Springs – Your Questions Answered

Dr. Madison Trowbridge Springs Scientist

Madison Trowbridge, Ph.D.
Springs Scientist
Southwest Florida Water Management District

Q: What is a spring?

A spring occurs when groundwater that is under pressure flows through natural cracks in the aquifer and creates a natural opening in the ground. The pressure causes the water to flow from the aquifer to the earth’s surface. Our groundwater is the result of seasonal rainfall that soaks into the ground and into the aquifer. Springs can occur as an individual vent but more often as many spring vents, known as a spring group.

Q: What is a springshed?

A springshed is an area of land that captures rainwater and supplies the groundwater to a spring. A springshed can be quite large. For example, the Rainbow Springs Group has a springshed that covers several hundred square miles and extends into three counties. The water travel time in a springshed to the spring can vary from hours to several decades, but this water will eventually flow out of the spring vent. It is often said that a spring is only as healthy as its springshed because actions that occur many miles away can have a direct effect on the health of the spring and the water flowing from it.

Q: Why are springs important?

Florida’s springs and their associated rivers and bays provide ecological, economic, recreational, and aesthetic value to the state. A spring’s rivers and bays can provide activities like swimming, kayaking and nature watching, to name a few. The Florida Springs Coast provides the largest natural warm water refuge in the United States for the Florida manatee, with seasonal numbers in the hundreds. People come from around the world to visit these gentle creatures, resulting in a large economic impact for the surrounding communities.

Q: What makes a healthy spring?

Characteristics of healthy springs include the quantity of flow, water chemistry (especially the amount of nutrients), and the type and amount of aquatic vegetation, and fish and wildlife present. Levels of spring flow affect the appearance and the ecology of the rivers and bays that are fed by these springs. Spring flow is influenced by rainfall and water use within the springshed. Desirable types and amounts of aquatic vegetation provide habitat for fish and wildlife, help remove excess nutrients from the water and improve water clarity by filtering particles.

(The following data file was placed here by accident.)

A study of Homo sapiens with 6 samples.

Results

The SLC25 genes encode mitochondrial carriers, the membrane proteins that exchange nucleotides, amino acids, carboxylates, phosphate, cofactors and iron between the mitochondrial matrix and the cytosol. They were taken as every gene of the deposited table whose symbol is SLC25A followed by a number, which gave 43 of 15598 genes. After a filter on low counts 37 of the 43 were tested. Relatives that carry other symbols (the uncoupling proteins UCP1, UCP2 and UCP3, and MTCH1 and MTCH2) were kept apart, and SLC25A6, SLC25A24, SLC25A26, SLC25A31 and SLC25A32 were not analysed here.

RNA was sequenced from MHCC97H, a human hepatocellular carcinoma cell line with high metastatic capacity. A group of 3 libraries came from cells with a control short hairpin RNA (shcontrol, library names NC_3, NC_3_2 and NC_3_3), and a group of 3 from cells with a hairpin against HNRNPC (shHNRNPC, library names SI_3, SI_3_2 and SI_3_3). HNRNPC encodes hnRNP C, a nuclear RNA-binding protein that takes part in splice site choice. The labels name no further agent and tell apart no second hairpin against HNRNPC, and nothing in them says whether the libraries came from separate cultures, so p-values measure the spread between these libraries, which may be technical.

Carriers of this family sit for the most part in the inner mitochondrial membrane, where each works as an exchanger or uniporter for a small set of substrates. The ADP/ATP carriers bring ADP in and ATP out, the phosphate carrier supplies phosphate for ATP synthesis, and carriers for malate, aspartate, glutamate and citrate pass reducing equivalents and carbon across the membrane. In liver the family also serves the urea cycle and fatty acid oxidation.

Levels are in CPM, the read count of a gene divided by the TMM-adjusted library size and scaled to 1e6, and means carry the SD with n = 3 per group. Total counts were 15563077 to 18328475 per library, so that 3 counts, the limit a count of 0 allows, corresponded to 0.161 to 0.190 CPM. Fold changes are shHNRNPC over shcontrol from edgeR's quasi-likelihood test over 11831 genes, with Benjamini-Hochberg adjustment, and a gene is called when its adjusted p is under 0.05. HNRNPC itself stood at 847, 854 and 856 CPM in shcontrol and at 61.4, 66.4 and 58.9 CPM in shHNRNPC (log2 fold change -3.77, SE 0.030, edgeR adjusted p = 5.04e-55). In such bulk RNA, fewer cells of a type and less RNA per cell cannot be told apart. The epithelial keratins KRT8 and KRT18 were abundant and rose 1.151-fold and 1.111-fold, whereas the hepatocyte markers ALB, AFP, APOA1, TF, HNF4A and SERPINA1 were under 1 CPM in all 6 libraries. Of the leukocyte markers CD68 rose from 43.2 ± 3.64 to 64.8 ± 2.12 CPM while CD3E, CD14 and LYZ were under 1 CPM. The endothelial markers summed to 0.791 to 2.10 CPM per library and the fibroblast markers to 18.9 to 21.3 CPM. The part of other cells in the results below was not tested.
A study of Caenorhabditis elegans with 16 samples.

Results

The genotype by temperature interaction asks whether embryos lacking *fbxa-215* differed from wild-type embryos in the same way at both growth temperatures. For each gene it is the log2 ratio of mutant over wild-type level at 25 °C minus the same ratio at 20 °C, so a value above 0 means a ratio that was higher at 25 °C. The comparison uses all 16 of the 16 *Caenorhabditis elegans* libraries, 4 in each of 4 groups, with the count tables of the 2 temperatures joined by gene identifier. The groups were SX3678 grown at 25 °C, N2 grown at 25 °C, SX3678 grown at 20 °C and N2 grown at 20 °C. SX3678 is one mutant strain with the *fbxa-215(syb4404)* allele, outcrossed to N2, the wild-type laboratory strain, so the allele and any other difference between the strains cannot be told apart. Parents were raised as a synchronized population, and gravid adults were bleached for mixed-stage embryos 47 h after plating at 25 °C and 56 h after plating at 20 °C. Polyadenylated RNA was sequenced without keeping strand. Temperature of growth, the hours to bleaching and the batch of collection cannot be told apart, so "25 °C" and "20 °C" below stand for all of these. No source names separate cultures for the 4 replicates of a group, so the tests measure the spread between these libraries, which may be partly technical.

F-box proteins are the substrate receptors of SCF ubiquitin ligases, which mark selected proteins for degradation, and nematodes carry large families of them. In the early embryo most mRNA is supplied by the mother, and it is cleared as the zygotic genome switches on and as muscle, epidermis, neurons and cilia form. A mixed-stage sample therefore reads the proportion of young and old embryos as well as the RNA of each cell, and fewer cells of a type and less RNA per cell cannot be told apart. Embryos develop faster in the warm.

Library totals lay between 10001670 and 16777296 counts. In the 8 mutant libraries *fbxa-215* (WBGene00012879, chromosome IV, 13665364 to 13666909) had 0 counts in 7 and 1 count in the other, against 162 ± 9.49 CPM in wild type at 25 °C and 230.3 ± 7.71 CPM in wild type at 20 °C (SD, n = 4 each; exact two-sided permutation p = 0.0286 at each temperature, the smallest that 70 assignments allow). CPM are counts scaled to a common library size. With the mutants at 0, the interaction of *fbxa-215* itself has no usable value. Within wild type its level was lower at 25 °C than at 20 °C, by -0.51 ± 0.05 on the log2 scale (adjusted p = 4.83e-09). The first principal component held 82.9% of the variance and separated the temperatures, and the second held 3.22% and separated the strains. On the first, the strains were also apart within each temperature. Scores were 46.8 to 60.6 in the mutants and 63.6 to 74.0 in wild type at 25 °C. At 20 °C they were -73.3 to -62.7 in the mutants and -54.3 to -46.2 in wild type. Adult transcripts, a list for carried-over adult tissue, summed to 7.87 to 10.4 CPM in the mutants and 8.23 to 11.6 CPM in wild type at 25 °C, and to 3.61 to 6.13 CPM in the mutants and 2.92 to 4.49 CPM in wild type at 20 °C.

Q: How can I help protect Florida’s springs at home?

Springs are often called windows to the aquifer because the water that flows out of them came directly from the aquifer, and therefore should be protected. What we do in the springshed impacts the springs even if we don’t live close to a spring. Limit fertilizer use, because excess fertilizer can seep into the aquifer. Inspect your septic tank every few years as tanks that are not properly maintained can pollute the aquifer. Never dump anything down a storm drain and always dispose of grass clippings, litter, motor oil, and pet waste properly to avoid these items entering stormwater ponds. Encourage a native plant buffer zone between your lawn and the shoreline to help filter stormwater if you live along a water body. Always dispose of hazardous household chemicals such as industrial cleaners, solvents, automotive fluids and paints at an approved facility. Remember that if hazardous contaminants seep into the aquifer, both our drinking water and springs can be impacted.

Q. How can I help protect Florida’s springs while visiting them?

While swimming and snorkeling, please make sure to avoid disturbing the plants and wildlife. Try to stay in your vessel, if possible.Don’t climb trees or use rope swings as these can damage the shoreline vegetation. And always remember to pack out all your trash. Help us protect our springs!

Q. Where can I learn more about springs?

More information about springs within the Southwest Florida Water Management District are available on our website atWaterMatters.org/Springs.


Dr. Madison Trowbridge is the Springs Scientist and the Springs Team Lead for the Southwest Florida Water Management District. She holds a Ph.D. in Cell and Molecular Biology from the University of South Florida and her doctoral research focused on subsurface microbial ecology near Weeki Wachee.